I steal books. It doesn’t happen often and if possible, I make a confession, appealing to the owner’s sympathies and good will. I replace the books when I can, though one librarian was not happy about it. The surroundings have as much to do with it as the writing and I think of books that way, where I found them, who owned them, what I was doing.
This summer I discovered Denis Johnson’s writing at a great camp in the Adirondacks, a lake house tucked in the wood line along Crescent Bay with dockside views of purple and orange sunsets and sounds of the loon across the water. The slim gray spine with white letters was wedged between Tom Clancy and a volume on uppity women, and it looked and felt like poetry, a gem on a pressed wood shelf. The Name of the World was a finalist for the Pen Faulkner Award. The book was worth the heist: lyrical and lovely and gripping and I wrote in it, tabbed it, made it mine. The pages were brown with age along the edges and it was unmarked and clean, perhaps never read. I mailed the owner a new copy.
Denis Johnson is an American writer who has won the National Book Award for Tree of Smoke and whose book Train Dreams was finalist for the Pulitzer Prize in 2012. The panel did not choose a winner that year and perhaps length was a factor. Train Dreams weighs in at 116 pages, but packs a hard punch for its size, a lightweight champion.
A masterpiece in miniature.
The story follows the life of Robert Grainier from unknown beginnings into the American West at the turn of the twentieth century. He’s a simple man with little ambition whose long life is punctuated with stark realities and human drama. He makes bad decisions, suffers great personal loss, and struggles to rebuild his life. He remembers arriving on a train, but he’s not sure.
All three of his cousins agreed Grainier had come on a train. How had he lost his original parents? Nobody ever told him.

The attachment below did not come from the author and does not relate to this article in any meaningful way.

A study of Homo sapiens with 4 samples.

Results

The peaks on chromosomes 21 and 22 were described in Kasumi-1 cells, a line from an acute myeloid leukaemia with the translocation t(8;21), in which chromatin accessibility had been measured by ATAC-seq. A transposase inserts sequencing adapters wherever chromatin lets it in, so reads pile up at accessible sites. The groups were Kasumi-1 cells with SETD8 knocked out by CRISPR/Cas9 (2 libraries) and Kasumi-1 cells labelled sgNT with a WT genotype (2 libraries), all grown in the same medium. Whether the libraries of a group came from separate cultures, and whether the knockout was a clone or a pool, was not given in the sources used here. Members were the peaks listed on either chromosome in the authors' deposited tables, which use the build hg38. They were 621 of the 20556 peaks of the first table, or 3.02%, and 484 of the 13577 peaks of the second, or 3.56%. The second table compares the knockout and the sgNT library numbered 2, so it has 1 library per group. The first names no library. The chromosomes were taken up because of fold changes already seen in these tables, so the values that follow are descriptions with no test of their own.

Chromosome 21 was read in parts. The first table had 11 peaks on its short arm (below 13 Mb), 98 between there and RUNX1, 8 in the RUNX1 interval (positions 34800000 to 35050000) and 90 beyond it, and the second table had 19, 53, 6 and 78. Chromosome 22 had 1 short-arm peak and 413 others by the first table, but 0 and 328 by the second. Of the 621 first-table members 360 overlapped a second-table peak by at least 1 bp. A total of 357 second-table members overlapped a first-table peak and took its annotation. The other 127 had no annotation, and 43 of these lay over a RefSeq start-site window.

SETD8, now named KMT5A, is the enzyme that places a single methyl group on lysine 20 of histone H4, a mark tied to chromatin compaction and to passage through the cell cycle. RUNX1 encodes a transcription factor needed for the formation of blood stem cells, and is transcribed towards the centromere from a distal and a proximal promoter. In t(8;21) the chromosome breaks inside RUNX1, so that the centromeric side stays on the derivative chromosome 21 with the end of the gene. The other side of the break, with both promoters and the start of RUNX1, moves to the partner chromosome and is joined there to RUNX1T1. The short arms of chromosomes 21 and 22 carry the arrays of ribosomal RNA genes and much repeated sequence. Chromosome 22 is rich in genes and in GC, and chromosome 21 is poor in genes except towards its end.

. . . As far as he could ever fix it, he’d been born sometime in 1886, either in Utah or in Canada, and had found his way to his new family on the Great Northern Railroad. (p.25)
Memory plays tricks on us, a universal experience which resurfaces throughout the narrative. Who were his parents? how did he arrive? The reader is propelled along like the train, in and out of places, in and out of scenes and dreams.
The writing is spare, powerful, and authentic. The people are people, not just characters in a book; they are full and flawed, and as a reader, I see them as if I were there. The story opens with a Chinese railroad hand Grainier almost kills, a scene that haunts him throughout his life.
Johnson describes Grainier at the end of the book.
Grainier himself lived more than eighty years, well into the 1960s. In his time he’d traveled west to within a few dozen miles of the Pacific, though he’d never seen the ocean itself, and as far east as the town of Libby, forty miles inside Montana. He’d had one lover – his wife, Gladys – owned one acre of property, two horses, and a wagon. He’d never been drunk. He’d never purchased a firearm or spoken into a telephone. He’d ridden on trains regularly, many times in automobiles, and once in an aircraft. During the last decade of his life he watched television whenever he was in town. He had no idea who his parents might have been, and he left no heirs behind him. (p. 113)
Johnson creates a picture of America, its western heritage, and one man’s life. It was simple and forgotten, but it was not without love, fire, grief, triumph, and despair.